EU conducting ‘political Kama Sutra’ – Russia
The EU’s policy towards Russia is not helping to bolster relations and is merely a manifestation of “political Kama Sutra”, Moscow’s top diplomat has claimed as tensions flare on the continent.
Speaking as part of an interview with a prominent Russian talk-show host on Monday, Foreign Minister Sergey Lavrov said the bloc’s strategy is a combination of three principles: distance, pressure, and dialogue on issues of interest to Brussels.
According to the veteran official, the EU’s top diplomat, Josep Borrell, “said he wanted a new policy toward Russia and that it would be constructive after all.”
“There were such strong attacks on him after his visit to Moscow just because we explained what we thought about [Alexey] Navalny and everything else, and about the role of Germany and Europe in general in fanning these lies, and the inability to present any facts and answer elementary questions,” Lavrov said.
He recalled that the EU’s former high representative for foreign affairs, Federica Mogherini, had invented five core areas for relations with Russia, with one of the main principles focusing on normalization as long as Moscow complies with the Minsk agreements on Donbass. According to him, anyone who has read the protocols “will understand that this is political schizophrenia.”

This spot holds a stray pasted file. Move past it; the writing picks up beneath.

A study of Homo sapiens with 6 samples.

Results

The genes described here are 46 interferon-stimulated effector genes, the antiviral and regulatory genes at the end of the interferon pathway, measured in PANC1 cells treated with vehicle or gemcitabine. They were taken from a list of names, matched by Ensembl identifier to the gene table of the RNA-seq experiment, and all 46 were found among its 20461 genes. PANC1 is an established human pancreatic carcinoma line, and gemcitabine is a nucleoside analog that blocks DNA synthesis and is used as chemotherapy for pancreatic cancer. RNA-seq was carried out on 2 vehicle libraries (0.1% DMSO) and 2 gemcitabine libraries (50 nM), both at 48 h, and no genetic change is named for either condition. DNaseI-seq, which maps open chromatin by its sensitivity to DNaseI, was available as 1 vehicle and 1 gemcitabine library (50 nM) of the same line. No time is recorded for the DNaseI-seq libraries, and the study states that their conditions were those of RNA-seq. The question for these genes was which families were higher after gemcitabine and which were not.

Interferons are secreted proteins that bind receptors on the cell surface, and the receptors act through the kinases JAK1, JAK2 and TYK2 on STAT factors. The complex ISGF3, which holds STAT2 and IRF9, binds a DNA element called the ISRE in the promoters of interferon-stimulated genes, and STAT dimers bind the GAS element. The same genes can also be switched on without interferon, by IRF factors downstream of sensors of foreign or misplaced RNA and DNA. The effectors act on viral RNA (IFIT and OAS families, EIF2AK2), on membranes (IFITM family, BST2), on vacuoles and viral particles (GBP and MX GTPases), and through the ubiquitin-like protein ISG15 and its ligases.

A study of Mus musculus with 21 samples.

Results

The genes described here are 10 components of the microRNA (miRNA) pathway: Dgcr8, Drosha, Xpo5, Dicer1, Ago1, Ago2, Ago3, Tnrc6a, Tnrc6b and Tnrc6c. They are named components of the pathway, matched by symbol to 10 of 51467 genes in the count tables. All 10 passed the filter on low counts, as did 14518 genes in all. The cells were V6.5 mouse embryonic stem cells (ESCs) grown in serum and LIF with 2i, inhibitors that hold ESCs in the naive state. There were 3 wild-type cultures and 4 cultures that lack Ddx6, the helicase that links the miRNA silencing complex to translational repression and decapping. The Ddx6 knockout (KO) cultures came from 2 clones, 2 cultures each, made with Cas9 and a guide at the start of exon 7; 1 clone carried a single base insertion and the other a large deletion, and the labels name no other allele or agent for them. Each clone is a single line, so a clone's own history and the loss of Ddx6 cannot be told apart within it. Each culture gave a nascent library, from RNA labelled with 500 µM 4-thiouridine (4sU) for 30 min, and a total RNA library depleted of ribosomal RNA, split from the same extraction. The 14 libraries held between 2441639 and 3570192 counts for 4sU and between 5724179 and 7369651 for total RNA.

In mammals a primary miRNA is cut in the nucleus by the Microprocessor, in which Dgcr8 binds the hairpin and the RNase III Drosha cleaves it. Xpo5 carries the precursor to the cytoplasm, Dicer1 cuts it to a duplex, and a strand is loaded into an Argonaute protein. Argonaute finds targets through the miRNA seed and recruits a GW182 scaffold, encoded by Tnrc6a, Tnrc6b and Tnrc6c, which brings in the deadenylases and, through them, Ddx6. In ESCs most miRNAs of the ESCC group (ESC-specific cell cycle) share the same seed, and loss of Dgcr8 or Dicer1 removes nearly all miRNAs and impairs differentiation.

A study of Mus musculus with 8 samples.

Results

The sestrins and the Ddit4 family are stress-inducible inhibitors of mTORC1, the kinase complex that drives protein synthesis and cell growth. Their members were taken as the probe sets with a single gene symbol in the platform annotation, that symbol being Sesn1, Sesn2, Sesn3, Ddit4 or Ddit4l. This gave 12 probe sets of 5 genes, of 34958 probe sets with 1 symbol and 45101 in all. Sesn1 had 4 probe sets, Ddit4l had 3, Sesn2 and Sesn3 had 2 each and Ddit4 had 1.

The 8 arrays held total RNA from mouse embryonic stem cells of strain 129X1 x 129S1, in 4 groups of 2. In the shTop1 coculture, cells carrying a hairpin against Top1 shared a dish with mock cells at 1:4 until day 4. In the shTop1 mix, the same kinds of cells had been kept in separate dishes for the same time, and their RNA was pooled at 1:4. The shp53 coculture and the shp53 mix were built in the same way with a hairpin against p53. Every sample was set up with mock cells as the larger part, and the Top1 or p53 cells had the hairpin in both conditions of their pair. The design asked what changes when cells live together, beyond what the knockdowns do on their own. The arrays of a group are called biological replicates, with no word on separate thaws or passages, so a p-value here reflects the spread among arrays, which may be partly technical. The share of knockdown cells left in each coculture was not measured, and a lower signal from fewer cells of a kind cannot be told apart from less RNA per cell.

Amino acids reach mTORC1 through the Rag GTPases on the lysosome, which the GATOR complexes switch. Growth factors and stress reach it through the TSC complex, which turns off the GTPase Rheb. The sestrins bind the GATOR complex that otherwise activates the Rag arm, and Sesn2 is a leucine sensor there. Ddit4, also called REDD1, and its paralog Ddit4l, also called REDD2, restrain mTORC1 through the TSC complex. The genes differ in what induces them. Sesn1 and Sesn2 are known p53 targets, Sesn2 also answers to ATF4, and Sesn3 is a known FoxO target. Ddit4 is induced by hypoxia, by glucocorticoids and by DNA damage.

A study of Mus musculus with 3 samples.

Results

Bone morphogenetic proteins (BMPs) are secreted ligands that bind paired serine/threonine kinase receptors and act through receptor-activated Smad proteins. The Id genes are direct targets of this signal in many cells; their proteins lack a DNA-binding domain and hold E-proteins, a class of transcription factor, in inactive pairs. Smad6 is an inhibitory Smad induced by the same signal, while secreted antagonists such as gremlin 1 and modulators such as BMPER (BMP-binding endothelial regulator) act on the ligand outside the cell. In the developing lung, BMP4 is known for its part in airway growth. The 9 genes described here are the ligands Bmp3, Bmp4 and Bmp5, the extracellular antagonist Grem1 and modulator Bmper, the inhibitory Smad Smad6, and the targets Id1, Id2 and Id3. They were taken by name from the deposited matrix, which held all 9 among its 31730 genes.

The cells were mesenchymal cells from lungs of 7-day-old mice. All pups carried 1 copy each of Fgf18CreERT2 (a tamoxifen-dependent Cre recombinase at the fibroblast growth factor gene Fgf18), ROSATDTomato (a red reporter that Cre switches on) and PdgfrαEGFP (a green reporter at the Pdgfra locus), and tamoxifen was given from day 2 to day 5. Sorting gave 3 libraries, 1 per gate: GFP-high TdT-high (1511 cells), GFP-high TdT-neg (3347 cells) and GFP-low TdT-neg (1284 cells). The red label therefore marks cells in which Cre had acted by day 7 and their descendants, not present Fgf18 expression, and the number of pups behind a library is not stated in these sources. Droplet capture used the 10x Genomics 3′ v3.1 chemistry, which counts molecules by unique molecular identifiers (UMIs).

Moscow’s foreign minister slammed Brussels’ “choreography” of the “push-back, constraint and engage” strategy, stating that it was “political Kama sutra.”
The broadside from Lavrov comes after the European Parliament said in a resolution that Moscow runs the risk of being completely shut out of the major global payment system SWIFT if Russian troops launch an invasion of Ukraine. In the text, Brussels said the bloc must be ready to send “a very stark warning that military hostilities will not only be unacceptable, but also come at a high economic and political price.”
In June, the European Commission and Borrell prepared a report on relations with Moscow. He said that “under present circumstances, a renewed partnership between the European Union and Russia, allowing for closer cooperation, seems a distant prospect. Our ambition should be to explore paths that could help change the current dynamics gradually into a more predictable and stable relationship.”
According to the handout, the EU “will continue to push back against human rights violations and will speak up for democratic values,” as well as Moscow’s alleged breaches of international law in Ukraine, Georgia, and elsewhere. While Brussels will attempt to constrain Russia’s attempts to undermine the bloc’s interests, it will attempt to engage with the world’s largest country on key issues, such as the Covid-19 pandemic, climate change, and counterterrorism.
Earlier this year, the EU put forward a draft report demanding that the bloc take a more confrontational approach to Moscow. The paper said Brussels should “convey the potential benefits that it is willing to offer in return for a democratic transformation” of the country, and also suggested targeting “propaganda” with the establishment of a “Free Russia Television with 24/7 airtime.”